During the 1960 NFL season, Raymond Berry fully committed his life to Christ and soon thereafter made sports ministry a top priority. As a player, he organized pre-game chapels with teammate Don Shinnick and served as a committee member for Baltimore’s Young Life chapter. Throughout his coaching career, Berry was actively involved at FCA clinics and camps, and was a member of the FCA National Advisory Council.
After a three-year career at Southern Methodist University, Berry was selected in the 20th round of the 1954 NFL Draft. In an era dominated by the running game, he became one of the league’s first prolific wide receivers. Known for his precise routes and sure hands, Berry spent his entire 13-year career with the Baltimore Colts where he had just two dropped passes and one fumble in 633 reception attempts. He was a six-time Pro Bowl selection, three-time AP First-Team All-Pro selection, and two-time AP Second-Team All-Pro selection. Berry starred on two NFL Championship teams (1958 and 1959) and ended his career with 9,275 yards and 68 touchdowns. The Colts have since retired his jersey (82).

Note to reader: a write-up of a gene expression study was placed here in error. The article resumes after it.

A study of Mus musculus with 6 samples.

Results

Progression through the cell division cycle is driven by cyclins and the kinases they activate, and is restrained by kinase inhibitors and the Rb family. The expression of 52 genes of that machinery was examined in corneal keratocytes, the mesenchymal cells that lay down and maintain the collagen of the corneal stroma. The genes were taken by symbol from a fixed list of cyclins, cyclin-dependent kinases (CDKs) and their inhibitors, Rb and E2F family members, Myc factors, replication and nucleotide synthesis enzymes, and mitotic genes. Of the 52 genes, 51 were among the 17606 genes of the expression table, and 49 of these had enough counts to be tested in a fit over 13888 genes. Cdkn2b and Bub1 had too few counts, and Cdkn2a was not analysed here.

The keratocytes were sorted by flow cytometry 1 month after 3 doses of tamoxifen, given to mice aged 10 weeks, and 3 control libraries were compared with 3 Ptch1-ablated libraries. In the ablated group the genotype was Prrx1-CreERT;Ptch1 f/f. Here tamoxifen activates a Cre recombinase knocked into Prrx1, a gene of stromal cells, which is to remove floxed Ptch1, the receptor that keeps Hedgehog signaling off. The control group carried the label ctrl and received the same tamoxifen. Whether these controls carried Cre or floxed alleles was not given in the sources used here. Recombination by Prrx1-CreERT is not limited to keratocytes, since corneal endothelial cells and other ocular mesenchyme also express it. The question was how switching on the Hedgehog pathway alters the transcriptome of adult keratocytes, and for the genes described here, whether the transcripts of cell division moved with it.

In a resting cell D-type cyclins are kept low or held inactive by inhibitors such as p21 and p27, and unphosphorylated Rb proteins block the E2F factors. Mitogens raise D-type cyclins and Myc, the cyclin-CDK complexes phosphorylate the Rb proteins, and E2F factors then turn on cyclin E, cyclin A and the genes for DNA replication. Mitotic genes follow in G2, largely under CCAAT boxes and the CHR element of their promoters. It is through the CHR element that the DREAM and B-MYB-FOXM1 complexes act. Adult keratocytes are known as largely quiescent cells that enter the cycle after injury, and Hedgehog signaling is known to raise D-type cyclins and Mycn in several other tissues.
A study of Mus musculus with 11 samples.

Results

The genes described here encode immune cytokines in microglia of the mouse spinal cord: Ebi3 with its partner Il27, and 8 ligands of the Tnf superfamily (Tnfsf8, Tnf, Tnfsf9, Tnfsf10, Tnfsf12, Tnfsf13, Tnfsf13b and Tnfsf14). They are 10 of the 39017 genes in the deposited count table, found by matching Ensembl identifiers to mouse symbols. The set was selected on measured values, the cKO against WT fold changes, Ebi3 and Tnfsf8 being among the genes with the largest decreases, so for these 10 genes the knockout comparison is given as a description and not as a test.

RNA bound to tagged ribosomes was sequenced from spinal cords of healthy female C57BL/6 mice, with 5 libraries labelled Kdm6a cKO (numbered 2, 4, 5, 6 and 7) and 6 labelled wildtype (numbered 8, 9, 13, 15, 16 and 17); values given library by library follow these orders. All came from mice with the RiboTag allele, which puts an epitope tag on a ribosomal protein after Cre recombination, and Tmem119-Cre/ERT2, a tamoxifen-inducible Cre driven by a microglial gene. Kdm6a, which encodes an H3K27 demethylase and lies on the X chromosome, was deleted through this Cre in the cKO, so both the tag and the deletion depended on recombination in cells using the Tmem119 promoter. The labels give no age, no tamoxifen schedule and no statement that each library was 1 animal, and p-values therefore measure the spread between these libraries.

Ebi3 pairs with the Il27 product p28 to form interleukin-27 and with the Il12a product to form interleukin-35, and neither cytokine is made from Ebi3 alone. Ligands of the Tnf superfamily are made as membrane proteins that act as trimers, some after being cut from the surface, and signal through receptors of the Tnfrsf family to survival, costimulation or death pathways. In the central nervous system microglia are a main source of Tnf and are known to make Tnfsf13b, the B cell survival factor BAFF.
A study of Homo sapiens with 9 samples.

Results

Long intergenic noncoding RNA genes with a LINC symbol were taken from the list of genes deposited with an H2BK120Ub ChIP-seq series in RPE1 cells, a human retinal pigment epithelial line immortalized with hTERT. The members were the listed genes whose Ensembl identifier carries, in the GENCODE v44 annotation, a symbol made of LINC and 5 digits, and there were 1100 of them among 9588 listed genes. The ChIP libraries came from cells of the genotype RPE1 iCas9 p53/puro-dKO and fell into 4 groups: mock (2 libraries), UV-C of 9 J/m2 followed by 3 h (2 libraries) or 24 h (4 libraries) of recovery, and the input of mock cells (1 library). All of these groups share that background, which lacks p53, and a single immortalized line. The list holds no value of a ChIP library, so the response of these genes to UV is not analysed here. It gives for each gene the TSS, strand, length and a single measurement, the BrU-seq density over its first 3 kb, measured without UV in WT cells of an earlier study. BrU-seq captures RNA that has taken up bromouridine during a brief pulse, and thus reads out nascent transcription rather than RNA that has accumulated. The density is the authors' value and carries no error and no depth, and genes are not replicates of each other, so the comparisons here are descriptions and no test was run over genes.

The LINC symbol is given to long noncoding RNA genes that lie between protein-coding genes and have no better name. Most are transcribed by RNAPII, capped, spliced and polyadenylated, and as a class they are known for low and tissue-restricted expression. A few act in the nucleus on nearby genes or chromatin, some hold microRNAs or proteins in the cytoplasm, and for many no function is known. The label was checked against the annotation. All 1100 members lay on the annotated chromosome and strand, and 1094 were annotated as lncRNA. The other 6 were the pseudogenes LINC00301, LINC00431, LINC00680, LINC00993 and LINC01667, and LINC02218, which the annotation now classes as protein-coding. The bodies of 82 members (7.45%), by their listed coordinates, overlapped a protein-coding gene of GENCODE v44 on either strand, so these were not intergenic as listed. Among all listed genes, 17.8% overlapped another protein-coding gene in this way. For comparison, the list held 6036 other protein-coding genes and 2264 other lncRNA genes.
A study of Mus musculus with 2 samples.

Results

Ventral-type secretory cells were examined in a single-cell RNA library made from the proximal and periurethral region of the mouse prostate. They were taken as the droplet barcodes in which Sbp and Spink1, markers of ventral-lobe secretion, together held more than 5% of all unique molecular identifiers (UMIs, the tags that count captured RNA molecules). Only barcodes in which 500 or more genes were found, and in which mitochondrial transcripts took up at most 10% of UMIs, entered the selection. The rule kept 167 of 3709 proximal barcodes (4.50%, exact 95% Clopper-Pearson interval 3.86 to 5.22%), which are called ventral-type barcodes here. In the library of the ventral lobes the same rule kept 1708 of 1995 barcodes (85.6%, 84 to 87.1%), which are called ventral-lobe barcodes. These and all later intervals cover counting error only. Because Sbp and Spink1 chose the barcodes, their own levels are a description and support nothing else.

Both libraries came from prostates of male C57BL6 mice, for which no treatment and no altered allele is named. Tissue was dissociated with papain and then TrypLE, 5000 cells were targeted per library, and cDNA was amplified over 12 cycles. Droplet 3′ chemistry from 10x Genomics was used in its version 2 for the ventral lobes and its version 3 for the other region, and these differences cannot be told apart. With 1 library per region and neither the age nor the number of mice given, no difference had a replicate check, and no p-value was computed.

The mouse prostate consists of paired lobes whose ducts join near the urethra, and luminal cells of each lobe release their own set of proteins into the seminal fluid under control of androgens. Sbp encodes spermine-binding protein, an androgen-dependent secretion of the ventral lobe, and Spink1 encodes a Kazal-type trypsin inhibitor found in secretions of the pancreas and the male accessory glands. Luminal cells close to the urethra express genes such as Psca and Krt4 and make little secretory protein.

In 1968, Berry entered the coaching ranks as an assistant for Tom Landry with the Dallas Cowboys. He also spent time coaching wide receivers at the University of Arkansas before returning to the NFL where he coached in Detroit, Cleveland, and New England. After a brief time away from football, Berry was hired in the middle of the 1984 season to take over as the Patriots’ head coach. In 1985, he led the team to its first AFC title and an appearance in Super Bowl XX.
In 1973, Berry was inducted into the Pro Football Hall of Fame. He has been named to the NFL’s 50th and 75th Anniversary All-Time Teams. In addition to his athletic and ministry efforts, Berry had an exemplary military career with the Army National Guard from 1957 to 1963.